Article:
In Memoriam: Trisha Brown

Last week a memorial for Trisha Brown was held at the Whitney. It was a touching event; there were not many dry eyes in the house. There were funny, and moving speeches by Laurie Anderson, Steve Paxton, Brown’s son, Adam, and others. Five dancers performed Spanish Dance, with tears in their eyes. After it ended, a screen rose, revealing the glow of the setting sun over the Hudson.
I put together some thoughts on the event for the New Yorker.

The choreographer in her prime

Jewels of the World, Unite!

Lincoln Center Festival put together a big show this week: a multinational staging of George Balanchine’s 1967 ballet Jewels, with performances by the Paris Opera Ballet, New York City Ballet, and the Bolshoi. The contrasts were fascinating, and paradoxically, had the effect of focusing attention on the ballet itself, revealing more clearly than ever why Arlene Croce described it as an “unsurpassedbBalanchine primer, incorporating in a single evening every important article of faith to which the choreographer subscribed”. My review is at DanceTabs.

Teresa Reichlen in Rubies, from Jewels. Photo by Paul Kolnik.

The Name is Bond, Gemma Bond

Gemma Bond, whose work will be shown as part of the Joyce’s Ballet Festival (which starts this week) sat down to talk about her choreographic endeavors a few months ago. (This is a preview of that conversation—the full thing is in the August edition of Dance Magazine.) Since then, it’s been announced that she will make a new work for Washington Ballet next year. She’s a thoughtful, quietly determined choreographer with a strong, and unabashedly emotional style. Looking forward to seeing more.

Merce Lives!

Who would have thought, when Merce Cunningham died in 2009, that his works would be performed with such frequency here in the US and abroad almost a decade later? Much of this activity is due to the efforts of the Cunningham Trust, which periodically schedules workshops in which the Cunningham repertory is taught to a new generation of dancers by those who performed it over the years. I attended the rehearsals for one of these workshops, devoted to Sounddance, in June. The dancers, from Purchase, Juilliard, the Alvin Ailey program, North Carolina School of the Arts, and elsewhere, were incredibly challenged by the work. It was impressive to see them struggle, learn, absorb, and finally master the movement. I wrote about the process for the New Yorker Culture Desk.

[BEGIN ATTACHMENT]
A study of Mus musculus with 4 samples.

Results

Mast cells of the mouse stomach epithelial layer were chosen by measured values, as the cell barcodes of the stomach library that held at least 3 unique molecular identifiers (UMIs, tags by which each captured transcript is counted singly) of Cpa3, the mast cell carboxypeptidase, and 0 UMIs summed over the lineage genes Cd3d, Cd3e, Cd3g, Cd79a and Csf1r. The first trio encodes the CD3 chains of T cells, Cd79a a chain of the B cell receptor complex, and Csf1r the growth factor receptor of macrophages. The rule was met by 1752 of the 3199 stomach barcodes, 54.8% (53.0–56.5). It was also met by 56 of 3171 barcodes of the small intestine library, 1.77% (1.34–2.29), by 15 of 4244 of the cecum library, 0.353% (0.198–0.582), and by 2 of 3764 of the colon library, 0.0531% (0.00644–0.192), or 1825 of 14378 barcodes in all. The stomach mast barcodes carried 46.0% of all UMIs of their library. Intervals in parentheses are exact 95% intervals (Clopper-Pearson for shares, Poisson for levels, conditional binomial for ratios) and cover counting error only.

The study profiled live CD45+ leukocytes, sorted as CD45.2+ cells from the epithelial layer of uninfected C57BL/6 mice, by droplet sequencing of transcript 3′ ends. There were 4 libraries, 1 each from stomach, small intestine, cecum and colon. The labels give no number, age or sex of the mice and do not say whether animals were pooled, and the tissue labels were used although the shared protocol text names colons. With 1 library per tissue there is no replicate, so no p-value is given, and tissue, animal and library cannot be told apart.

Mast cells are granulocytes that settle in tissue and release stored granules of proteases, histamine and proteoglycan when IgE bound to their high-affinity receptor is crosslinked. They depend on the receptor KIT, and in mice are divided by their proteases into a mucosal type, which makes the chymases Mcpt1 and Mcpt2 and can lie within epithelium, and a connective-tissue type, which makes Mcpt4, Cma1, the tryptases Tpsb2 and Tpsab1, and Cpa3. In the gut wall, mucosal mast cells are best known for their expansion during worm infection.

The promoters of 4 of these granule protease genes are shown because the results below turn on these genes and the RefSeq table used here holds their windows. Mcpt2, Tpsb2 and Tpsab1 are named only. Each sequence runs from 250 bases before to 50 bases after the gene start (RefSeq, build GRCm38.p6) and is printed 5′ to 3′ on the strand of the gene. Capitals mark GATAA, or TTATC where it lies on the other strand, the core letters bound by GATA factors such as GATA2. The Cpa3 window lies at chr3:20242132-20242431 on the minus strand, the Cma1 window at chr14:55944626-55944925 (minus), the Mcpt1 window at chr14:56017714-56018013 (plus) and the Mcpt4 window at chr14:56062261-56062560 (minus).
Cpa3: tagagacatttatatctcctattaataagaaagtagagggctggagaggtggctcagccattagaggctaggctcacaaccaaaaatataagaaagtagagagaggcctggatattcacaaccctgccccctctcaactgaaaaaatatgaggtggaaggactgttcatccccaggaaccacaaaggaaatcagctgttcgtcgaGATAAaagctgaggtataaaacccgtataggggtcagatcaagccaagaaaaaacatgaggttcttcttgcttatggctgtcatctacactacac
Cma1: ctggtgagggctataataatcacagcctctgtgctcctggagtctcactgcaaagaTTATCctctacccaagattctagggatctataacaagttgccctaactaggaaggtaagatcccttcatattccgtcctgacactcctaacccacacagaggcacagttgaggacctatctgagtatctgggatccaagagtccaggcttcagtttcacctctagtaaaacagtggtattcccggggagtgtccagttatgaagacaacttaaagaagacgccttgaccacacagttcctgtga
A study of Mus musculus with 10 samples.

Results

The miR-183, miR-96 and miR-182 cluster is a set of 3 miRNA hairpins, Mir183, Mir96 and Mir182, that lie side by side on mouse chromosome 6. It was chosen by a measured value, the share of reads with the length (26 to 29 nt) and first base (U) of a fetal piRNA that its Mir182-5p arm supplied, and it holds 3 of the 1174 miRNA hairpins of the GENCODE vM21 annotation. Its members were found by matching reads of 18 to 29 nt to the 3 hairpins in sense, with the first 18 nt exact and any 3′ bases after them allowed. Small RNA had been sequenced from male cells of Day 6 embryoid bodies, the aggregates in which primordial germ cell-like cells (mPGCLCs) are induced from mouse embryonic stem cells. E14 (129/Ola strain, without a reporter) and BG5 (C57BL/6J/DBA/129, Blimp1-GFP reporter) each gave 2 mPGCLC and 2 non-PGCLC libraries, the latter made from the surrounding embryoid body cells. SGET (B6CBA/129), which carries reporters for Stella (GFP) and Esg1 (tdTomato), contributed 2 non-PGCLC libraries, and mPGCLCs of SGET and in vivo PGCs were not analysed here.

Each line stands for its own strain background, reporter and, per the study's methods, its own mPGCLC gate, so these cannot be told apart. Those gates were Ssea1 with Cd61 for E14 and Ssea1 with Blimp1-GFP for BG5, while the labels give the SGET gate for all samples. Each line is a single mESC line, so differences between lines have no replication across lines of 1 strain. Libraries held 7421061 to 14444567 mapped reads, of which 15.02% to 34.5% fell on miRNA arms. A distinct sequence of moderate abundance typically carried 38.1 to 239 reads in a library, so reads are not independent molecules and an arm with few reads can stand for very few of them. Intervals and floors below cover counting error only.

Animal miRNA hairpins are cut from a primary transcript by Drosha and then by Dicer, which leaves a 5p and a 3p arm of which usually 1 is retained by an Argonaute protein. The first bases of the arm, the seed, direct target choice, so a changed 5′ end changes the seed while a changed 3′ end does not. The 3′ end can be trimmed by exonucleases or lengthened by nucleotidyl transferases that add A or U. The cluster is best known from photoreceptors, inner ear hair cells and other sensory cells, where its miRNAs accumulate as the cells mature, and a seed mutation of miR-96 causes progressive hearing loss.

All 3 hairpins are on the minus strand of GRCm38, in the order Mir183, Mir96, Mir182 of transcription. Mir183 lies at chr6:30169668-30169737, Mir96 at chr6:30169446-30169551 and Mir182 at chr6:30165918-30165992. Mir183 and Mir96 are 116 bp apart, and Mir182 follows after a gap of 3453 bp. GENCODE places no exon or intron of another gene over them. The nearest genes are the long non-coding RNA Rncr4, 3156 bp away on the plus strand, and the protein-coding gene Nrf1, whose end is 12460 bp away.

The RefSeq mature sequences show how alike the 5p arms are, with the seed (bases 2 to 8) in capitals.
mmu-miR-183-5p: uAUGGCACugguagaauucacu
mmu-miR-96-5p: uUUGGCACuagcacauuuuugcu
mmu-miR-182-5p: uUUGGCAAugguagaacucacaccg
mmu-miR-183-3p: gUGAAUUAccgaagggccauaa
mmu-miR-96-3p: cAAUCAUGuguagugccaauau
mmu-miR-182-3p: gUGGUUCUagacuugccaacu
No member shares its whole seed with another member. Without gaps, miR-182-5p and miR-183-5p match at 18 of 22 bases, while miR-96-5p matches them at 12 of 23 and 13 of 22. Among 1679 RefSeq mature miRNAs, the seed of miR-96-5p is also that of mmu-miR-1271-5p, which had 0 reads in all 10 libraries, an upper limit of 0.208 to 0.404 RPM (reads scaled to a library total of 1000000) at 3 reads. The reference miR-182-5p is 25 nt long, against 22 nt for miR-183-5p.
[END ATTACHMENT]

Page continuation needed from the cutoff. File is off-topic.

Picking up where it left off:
Jewels Turns Fifty

This is Patricia McBride, one of the original dancers in George Balanchine’s Jewels when it premiered at New York City Ballet in 1967. There are videos on Youtube of McBride and Edward Villella in Rubies on Youtube. Even today, they look amazingly fresh, fun, teasing, sophisticated.
Next week, fifty years after the premiere, Jewels comes to the Lincoln Center Festival, where it will be danced by three great international companies: the Paris Opera (Emeralds), City Ballet and the Bolshoi (alternating in Rubies and Diamonds). It will be fascinating to see what each brings to the ballet, and whether the idea that Jewels somehow embodies three different ideas about ballet comes through in their dancing.
For the Times, I spoke to three ballerinas—Dorothée Gilbert, Teresa Reichlen and Olga Smirnova—about the various subtexts in Balanchine’s Jewels. You can find the piece here.

Farewell to Spring

ABT closed out the season with good old uncle Pyotr (Tchaikovsky, that is) and some welcome promotions. This image, by Rosalie O’Connor, is from Bronislava Nijinska’s “Porcelain Princesses” divertissement, which was added to Sleeping Beauty (or, as Diaghilev called it, The Sleeping Princess) by Serge Diaghilev in 1921. The witty miniature has been revived by Alexei Ratmansky for Aurora’s Wedding, a staging of the third act of Sleeping Beauty which was part of the Tchaikovsky Spectacular this week at ABT.

My review, for DanceTabs, is here.

Steppin’ Out

Cassandra Trenary and James Whiteside tore it up last Friday at Midsummer Night Swing with their rhumba, set to “Sway,” performd by the Brooklyn-based band Margi and the Dapper Dots. Margi, aka Margaret Gianquinto, sang a set of standards including Irving Berlin’s “Steppin’ Out with My Baby,” and the slow, romantic waltz “Far Away Places.” She has a nice, vintage-sounding voice, velvety and friendly, not too pushy. I did a little piece for the Times about it, which you’ll find here.

(Photo by Julieta Cervantes for the Times.)